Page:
Mortgage rates fell to an all-time low this week, a boon for home buyers and owners alike who can lock in the rate.
The rate for the 30-year fixed mortgage dropped to 3.15%, according to Freddie Mac, an agency that backs mortgage loans, dipping below the previous record low of 3.23% set on April 30.
Read more: When to refinance a mortgage
“The 30-year fixed-rate mortgage has again hit the lowest level in our survey’s nearly 50-year history,” said Freddie Mac Chief Economist Sam Khater in a press release “breaking the record for the third time in just the last few months.”
The Federal Reserve has helped to lower mortgage rates during the coronavirus pandemic. The central bank has bought more than $500 billion of mortgage-backed securities since late March when it restarted a bond-buying program to drive down interest rates further to help boost the economy.
‘That’s the kicker’
Lower rates arm prospective buyers with more purchasing power as the shutdowns across the country end and they come back to the market. Thanks to lower rates, they can now qualify for mortgages with smaller monthly payments.
Six months ago, rates hovered between 3.8% and 4%. On a $400,000 house, the savings now are massive, said Scott Sheldon, branch manager at New American Funding, a mortgage lender, in California.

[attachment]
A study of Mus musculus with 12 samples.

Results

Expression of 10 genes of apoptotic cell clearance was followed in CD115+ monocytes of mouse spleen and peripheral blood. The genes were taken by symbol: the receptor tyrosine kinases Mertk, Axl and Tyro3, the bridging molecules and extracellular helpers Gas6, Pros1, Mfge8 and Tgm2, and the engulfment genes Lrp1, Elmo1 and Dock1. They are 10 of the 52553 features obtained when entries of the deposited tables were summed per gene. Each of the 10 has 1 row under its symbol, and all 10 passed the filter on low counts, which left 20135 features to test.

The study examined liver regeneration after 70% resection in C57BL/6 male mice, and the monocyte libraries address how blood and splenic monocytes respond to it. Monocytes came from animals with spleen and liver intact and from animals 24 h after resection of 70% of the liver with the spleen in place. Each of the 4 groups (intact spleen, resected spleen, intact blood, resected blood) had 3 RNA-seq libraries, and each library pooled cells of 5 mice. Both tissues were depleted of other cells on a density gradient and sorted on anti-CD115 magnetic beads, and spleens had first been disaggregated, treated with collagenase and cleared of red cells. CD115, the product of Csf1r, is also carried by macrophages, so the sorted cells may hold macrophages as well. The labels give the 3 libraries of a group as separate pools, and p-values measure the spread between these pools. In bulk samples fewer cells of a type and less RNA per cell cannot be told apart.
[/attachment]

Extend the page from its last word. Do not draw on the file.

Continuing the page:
“We’re looking at anywhere between $300 to $350 a month in payment reduction,” he said, “which can relate to a spending power of $50,000 for 90% of families.”
It’s a rate that homeowners can stick with for the life of the loan, too, he said.
“They will probably never have to refinance,” Sheldon said. “Realistically, that’s the kicker.”
Refinancing still going strong
Refinancing continues to heat up, as homeowners rush to take advantage of lower rates. Refinance activity last week was up 176% increase versus the same week a year ago, according to the Mortgage Bankers Association, a trade group.
“Refinance activity remains elevated and low mortgage rates have been accompanied by a $70,000 decline in the average loan size of refinance borrowers this year,” said Khater.
Many of those homeowners refinancing are using cash-out refinances to pay off debt during the pandemic.
“I have 74 loans in my pipeline right now and 11 of which are purchases and the rest are refinances,” Sheldon said. “About 60% of the loans are cash-out refinances and the rest are payment reductions.”
Will lower rates last?
But the low rates may not last for long, according to Sheldon. He pointed out that the economy opening up may be bad news for mortgage rates.
“If the 10-year [Treasury] rallies and mortgage-backed securities continue to deteriorate and rates come down, lenders will raise rates. Otherwise, they’ll lose money,” Sheldon said. “Workers starting to return is good news for the economy, but bad news for mortgages.”